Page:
Hey! Randy

Change of Life

Posted by heyrandy on March 5, 2012

Stolen Lives, Twenty Years in a Kesert Jail, Malika Oufkir and Michele Fitoussi, translated from the French by Ros Schwartz, 1999

She went from being the oldest child of the Moroccan Defense Minister to social outcast and prisoner. It only took a few days, but it lasted twenty years.

Malika Oufkir grew up in the inner circle of Moroccan power. Her father rose through the ranks in the army to become Interior Minister and later Defense Minister. She was the adopted sister (it is a Moroccan custom) of the king’s daughter. Life in the palace was pleasant, but she was constantly watched lest anything happen to her. This would bring dishonor on the king.

Oufkir’s world ended when her father was executed after a failed coup attempt. She, her mother, and her five siblings were arrested and imprisoned in increasing harsh jails. Their friends abandoned them, afraid that any contact would bring them into closer contact. The Oufkir family was alone in a very hostile world.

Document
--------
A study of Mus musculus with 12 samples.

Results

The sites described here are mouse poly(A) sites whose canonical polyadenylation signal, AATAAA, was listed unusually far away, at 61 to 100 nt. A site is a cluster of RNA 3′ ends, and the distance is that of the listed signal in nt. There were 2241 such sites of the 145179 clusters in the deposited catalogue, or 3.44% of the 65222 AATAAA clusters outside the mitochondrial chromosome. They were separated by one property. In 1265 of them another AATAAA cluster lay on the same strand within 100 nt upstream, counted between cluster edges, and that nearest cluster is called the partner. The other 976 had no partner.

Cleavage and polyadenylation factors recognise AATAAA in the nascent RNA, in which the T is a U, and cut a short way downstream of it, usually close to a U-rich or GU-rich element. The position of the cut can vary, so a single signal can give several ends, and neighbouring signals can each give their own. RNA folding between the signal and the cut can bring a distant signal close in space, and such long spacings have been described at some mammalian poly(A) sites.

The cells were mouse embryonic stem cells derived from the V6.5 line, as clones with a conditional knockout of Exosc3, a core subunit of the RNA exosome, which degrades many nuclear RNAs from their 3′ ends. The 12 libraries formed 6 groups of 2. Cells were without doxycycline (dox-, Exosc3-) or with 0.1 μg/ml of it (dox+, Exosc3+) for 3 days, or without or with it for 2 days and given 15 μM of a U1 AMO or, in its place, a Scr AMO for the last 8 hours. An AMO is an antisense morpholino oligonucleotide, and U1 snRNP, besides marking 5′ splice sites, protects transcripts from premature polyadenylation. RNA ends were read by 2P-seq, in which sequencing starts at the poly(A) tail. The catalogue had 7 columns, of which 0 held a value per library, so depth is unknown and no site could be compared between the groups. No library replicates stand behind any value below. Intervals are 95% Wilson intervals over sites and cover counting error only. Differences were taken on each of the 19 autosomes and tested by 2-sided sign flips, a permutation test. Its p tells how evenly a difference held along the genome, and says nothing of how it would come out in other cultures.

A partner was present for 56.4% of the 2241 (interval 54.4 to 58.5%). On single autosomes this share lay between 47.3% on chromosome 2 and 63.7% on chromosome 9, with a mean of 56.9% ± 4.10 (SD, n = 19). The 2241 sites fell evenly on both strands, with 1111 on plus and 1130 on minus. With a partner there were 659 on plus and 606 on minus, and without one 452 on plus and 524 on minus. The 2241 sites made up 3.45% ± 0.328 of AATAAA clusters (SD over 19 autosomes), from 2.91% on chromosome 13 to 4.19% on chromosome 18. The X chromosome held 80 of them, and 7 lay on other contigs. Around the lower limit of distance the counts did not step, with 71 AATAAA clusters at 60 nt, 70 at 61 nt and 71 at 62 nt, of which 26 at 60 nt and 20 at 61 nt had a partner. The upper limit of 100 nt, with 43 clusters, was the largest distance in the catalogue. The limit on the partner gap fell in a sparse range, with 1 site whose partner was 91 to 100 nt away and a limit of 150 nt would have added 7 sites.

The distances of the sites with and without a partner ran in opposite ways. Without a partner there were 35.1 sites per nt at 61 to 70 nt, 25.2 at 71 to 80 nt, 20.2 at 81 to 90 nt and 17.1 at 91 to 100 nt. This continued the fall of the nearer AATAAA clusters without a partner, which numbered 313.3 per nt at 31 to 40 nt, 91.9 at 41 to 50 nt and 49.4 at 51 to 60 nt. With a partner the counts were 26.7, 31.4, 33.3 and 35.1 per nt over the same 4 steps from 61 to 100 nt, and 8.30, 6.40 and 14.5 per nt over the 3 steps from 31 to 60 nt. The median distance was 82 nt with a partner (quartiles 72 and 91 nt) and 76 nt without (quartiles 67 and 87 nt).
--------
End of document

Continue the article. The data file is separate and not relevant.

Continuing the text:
The prison was a horror. Vermin, filth, little food were just the beginning. The family was kept separated in adjoining cells. The mother and her three-year old son were in one cell, Malika and her three sisters were in another, with her brother by himself in a third. They were not allowed to see each other. The fight against insanity was the big effort. All the children forsook Islam, their birth religion, and converted to Christianity. The mother remained a Muslim. Milka got her mother to teach the children the Christian prayers the mother had learned when she was a student in a Catholic school.

In a sense the book is a bildungsroman. Malika kept the family going. She was the morale officer, the disciplinarian, the cheerleader. Prison changed her from the spoiled brat she called herself to an adult. But she paid a heavy price.

She and three of the family escaped by digging a tunnel. They only were free for five days, but the escape sparked international interest in their plight. Upon capture the authorities moved the family to a large house. They were still not free, but their conditions improved. International pressure was building on the Moroccan king. They were finally allowed to leave Morocco.

I would have liked to have had more information about the Moroccan culture. There were some things that could have used some explanation. A brief history of Morocco would have given valuable context to the events. Even with these shortcomings the book is worthwhile.

Building a life is the next challenge. She has taken a huge step. She married in Paris. Maybe she will write a sequel.